Cornelia lingered in the garden, because she had suddenly, and as yet unconsciously, entered into that tender mystery, so common and so sovereign, which we call Love. In Hyde’s presence she had been suffused with a bewildering, profound emotion, which had fallen on her as the gentle showers fall, to make the flowers of spring. A shy happiness, a trembling delightful feeling never known before, filled her heart. This handsome youth, whom she had only seen twice, and in the most formal manner, affected her as no other mortal had ever done. She was a little afraid; something, she knew not what, of mystery and danger and delight, was between them; and she did not feel that she could speak of it. It seemed, indeed, as if she would need a special language to do so.
“I have met him but twice,” she thought; “and it is as if I had a new, strange, exquisite life. Ought I tell my mother? But how can I? I have no words to explain—I do not understand—I thought it would break my heart to leave the good Sisters and my studies, and the days so calm and holy; and now—I do not even wish to go back. Sister Langaard told me it would be so if I let the world come into my soul—Alas! if I should be growing wicked!”
The thought made her start; she hastened her steps towards the large entrance door, and as she approached it a negro in a fine livery of blue and white threw the door wide open for her. Answering his bow with a kind word, she turned quickly out of the hall, into a parlour full of sunshine. A lady sat there hemstitching a damask napkin; a lady of dainty plainness, with a face full of graven experiences and mellowed character. Purity was the first, and the last, impression she gave. And when her eyes were dropped this idea was emphasized by their beautiful lids; for nowhere is the flesh so divine as in the eyelids. And Ava Moran’s eyelids were full of holy secrets; they gave the impression of a spiritual background which was not seen, but which could be felt. As Cornelia entered she looked up with a smile, and said, as she slightly raised her work, “it is the last of the dozen, Cornelia.”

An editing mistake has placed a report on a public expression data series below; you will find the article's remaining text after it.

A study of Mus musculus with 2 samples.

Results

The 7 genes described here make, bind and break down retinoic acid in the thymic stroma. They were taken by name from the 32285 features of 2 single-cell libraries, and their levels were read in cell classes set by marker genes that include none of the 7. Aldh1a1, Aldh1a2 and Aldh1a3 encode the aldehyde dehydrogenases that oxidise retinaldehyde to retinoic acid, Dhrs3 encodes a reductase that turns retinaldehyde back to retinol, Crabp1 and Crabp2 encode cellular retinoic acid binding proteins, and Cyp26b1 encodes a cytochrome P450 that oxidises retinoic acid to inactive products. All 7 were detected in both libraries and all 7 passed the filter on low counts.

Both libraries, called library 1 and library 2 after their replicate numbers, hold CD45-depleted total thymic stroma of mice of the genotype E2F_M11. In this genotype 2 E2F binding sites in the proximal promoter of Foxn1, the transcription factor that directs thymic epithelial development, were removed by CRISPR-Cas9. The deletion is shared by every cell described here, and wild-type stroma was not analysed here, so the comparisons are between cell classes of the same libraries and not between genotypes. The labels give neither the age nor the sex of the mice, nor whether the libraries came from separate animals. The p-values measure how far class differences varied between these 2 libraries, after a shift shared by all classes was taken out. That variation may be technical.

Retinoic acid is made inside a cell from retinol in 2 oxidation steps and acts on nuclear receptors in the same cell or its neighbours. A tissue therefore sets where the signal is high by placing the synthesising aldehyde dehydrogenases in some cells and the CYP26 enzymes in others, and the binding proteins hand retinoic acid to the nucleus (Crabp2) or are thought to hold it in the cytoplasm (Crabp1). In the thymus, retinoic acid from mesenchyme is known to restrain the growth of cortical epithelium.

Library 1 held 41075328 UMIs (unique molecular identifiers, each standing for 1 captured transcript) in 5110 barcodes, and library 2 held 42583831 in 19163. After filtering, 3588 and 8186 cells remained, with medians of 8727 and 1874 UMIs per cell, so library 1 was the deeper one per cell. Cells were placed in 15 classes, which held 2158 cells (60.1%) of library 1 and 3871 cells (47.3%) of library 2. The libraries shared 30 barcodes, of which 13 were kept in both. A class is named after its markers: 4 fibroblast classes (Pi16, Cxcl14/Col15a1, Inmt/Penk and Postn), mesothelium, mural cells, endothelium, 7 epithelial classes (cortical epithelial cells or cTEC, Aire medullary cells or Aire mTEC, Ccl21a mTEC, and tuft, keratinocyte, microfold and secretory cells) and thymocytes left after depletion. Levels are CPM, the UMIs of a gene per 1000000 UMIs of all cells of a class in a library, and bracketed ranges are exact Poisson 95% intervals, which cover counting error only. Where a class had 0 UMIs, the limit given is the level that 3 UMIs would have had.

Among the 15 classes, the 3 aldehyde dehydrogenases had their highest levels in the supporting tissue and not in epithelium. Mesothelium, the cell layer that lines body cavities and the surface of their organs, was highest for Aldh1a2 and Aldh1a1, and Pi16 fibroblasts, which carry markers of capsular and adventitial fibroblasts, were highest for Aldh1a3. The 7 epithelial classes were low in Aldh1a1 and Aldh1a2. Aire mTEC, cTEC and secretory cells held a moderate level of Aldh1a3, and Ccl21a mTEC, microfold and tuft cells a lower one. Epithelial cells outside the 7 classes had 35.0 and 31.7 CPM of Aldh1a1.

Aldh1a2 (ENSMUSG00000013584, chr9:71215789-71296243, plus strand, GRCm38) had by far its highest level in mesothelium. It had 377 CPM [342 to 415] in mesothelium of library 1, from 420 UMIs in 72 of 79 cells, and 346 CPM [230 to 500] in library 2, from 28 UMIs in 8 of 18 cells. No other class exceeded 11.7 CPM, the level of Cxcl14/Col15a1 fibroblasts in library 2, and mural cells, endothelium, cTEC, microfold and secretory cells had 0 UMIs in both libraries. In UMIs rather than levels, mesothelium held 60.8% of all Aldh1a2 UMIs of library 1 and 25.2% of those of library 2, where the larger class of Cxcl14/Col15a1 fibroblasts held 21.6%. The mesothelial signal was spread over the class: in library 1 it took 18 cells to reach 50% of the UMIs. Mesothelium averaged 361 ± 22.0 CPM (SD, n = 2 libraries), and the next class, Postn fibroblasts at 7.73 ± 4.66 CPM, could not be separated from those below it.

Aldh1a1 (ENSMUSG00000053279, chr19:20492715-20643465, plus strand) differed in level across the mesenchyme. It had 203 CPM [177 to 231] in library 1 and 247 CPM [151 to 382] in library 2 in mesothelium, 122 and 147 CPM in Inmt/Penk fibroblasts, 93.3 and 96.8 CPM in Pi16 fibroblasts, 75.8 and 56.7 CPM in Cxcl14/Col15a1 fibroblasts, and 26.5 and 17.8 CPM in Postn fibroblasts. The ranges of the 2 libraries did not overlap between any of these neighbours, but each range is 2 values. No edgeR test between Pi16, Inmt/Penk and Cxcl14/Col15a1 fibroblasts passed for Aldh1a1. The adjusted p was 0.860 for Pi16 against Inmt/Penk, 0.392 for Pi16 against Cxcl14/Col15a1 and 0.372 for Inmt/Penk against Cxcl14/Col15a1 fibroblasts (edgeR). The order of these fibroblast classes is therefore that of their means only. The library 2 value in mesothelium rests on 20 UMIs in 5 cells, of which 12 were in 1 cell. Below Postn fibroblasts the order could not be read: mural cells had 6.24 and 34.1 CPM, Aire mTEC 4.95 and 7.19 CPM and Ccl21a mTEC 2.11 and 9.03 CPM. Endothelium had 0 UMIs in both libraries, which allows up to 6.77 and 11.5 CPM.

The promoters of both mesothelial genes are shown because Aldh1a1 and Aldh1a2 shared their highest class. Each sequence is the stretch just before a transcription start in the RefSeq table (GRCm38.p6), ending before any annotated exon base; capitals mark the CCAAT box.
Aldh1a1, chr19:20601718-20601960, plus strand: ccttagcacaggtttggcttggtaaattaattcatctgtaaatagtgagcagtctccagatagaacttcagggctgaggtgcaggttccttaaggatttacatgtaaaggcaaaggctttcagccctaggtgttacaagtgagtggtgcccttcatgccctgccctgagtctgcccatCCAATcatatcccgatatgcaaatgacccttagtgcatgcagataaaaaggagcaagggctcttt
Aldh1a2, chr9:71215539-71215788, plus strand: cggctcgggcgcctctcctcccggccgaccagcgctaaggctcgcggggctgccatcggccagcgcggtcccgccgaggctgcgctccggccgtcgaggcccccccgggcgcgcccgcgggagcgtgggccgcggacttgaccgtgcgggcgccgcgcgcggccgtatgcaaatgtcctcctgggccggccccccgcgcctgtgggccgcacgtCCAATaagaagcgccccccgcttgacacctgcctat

“You make me ashamed of my idleness, mother. Have I been a long time away?”
“Longer than was unnecessary, I think.”
“I went to Embree’s for the linen thread, and he had just opened some English gauzes and lute-strings. Mrs. Willets was choosing a piece for a new gown, for she is to dine with the President next week, and she was so polite as to ask my opinion about the goods. Afterwards, I walked to Wall Street with her; and coming back I met, on Broadway, Lieutenant Hyde—and he gave me these flowers—they came from Prince’s nursery gardens—and, then, he walked home with me. Was it wrong? I mean was it polite—I mean the proper thing to permit? I knew not how to prevent it.”
“How often have you met Lieutenant Hyde?”
“I met him for the first time last night. He was at the Sylvesters’, and I danced three times with him.”